The Life Esidimeni Randfontein Care Centre. File picture: Bhekikhaya Mabaso/ANA

Johannesburg - A tearful Ntombifuthi Dladla gave a heart wrenching account of how she had to identify his brother's badly decomposed body, after the family was only notified by the state months after he had died.

Dladla said her brother Joseph Gumede, who she was very close to, died at Anchor Centre, an NGO in Cullinan, Pretoria. She was only informed this year by social worker Daphney Ndhlovu about her brother's death that took place in July 2016.

''I asked her 'do you hear what you are saying? Why are you telling me only now?,'' she said, before she asked Ndhlovu where the corpse had been stored for over six months.

Ndhlovu told her Gumede's body was at a government mortuary in Mamelodi. She said she forced Ndhlovu to break the news herself to their mother, who had suffered a stroke due to Gumede's illness. Her mother did not take the news well and had to be taken to a doctor, she added.

Ndhlovu said she took her brother to Esidimeni because he had become aggressive and had broken windows at her mother's home. He would sometimes disappear from home and roamed the streets for some time, she added.

Dladla said Ndhlovu told her they had to travel to Mamelodi together so that she could identify Gumede's body.

''It hurt me the way my brother's body looked like...his body was decomposed and had a bad smell. The morgue was hot, we were requested to wear masks because of the bad smell in there,'' Dladla said as she broke down in tears on Tuesday.

She then had to return to the mortuary to take Gumede's body home. The undertaker did not bring a hearse for the corpse, instead he arrived with his two assistants in a minibus taxi, she added.

''We traveled with my sister, and drove back all the way from Mamelodi to Soweto with my brother's decomposed body...I wished that the driver would not stop at traffic lights because every time he stopped, flies would pour into the taxi because of the bad smell.''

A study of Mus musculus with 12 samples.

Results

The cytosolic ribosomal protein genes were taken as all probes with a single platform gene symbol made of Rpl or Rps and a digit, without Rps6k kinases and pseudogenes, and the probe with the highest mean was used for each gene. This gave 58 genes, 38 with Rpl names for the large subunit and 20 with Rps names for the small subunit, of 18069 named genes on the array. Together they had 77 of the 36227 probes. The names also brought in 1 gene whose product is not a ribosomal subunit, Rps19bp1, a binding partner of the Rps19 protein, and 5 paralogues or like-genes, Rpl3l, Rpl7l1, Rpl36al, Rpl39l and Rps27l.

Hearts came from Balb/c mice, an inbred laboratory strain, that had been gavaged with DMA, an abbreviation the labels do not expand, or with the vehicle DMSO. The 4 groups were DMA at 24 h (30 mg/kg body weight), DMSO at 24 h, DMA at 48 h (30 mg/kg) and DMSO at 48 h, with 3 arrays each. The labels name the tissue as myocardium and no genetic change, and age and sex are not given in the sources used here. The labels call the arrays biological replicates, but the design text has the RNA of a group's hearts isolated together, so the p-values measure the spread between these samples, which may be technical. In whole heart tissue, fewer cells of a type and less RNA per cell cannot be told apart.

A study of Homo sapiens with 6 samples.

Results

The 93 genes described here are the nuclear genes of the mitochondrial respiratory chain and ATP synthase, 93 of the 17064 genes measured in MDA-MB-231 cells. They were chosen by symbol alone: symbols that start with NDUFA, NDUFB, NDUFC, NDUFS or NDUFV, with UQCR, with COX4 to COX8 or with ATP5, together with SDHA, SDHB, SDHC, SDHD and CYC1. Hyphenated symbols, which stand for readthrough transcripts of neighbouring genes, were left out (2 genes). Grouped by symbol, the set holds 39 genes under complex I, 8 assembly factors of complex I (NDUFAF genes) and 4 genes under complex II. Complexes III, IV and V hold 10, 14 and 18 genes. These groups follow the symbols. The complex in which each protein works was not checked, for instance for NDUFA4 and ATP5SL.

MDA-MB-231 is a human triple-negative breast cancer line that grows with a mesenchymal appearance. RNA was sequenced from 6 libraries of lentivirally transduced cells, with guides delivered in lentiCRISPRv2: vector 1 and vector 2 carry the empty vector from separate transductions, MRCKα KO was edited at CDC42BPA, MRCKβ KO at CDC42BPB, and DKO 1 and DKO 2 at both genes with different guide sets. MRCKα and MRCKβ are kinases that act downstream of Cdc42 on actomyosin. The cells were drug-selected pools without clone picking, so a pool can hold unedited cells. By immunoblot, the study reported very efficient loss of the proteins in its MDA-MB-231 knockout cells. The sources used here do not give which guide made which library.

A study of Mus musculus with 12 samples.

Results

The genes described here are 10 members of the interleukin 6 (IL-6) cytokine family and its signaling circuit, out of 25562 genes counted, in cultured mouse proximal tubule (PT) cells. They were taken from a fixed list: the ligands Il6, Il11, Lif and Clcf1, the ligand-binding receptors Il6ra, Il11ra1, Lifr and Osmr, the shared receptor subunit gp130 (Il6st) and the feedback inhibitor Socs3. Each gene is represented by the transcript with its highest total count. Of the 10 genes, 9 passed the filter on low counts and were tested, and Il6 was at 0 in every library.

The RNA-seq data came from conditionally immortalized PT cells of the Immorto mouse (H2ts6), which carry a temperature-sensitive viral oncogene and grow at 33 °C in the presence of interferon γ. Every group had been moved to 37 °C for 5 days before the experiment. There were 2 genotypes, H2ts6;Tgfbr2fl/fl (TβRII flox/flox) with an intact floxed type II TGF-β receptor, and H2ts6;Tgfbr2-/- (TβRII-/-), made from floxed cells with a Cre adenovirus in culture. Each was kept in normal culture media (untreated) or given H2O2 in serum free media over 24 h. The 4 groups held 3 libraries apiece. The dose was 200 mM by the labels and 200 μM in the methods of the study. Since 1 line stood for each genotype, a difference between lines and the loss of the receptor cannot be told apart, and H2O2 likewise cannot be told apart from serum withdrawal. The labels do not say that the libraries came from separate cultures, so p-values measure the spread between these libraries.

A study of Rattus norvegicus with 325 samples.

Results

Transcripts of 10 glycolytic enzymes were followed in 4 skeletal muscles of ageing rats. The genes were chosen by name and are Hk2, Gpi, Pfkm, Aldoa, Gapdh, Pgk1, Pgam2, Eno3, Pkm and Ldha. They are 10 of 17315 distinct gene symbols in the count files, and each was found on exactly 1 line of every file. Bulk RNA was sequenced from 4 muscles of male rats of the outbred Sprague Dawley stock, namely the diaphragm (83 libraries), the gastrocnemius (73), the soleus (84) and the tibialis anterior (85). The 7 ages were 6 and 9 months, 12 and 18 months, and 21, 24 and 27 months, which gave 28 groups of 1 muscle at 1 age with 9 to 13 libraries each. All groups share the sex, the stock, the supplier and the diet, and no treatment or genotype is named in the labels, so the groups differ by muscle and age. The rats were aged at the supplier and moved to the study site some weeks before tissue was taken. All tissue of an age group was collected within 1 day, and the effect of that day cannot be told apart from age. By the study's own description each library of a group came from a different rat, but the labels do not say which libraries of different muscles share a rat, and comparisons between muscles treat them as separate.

The worst was not over for the family as they prepared to bury Gumede.

''We left him at the undertaker on Monday. I received a call from the owner on Tuesday requesting me to come to his office. I told her I couldn't because I was preparing for the burial,'' said Dladla.

''He told me it was difficult to clothe my brother's body as there were maggots coming out of his body. He suggested that we buy blankets so he can wrap his body instead.''

She said regretted taking her brother to Esidimeni after she survived the streets without him being discovered dead by strangers.

''I tried to give my brother a place of safety so that he would not end up dead by the side of the road, but it seemed I signed up death for him. I am even afraid to look my family in the eye because I am the one who took him to Life Esidimeni...it seems I sent him to his death. My brother would disappear but survived the streets as we were able to find him,'' she said, sobbing uncontrollably. 

When she asked for her brother's medical file, Ndhlovu told her Gumede was transferred to Pretoria without his medical records.

The arbitration, chaired former Deputy Chief Justice Dikgang Moseneke, resumes on Thursday. Moseneke is unavailable on Wednesday.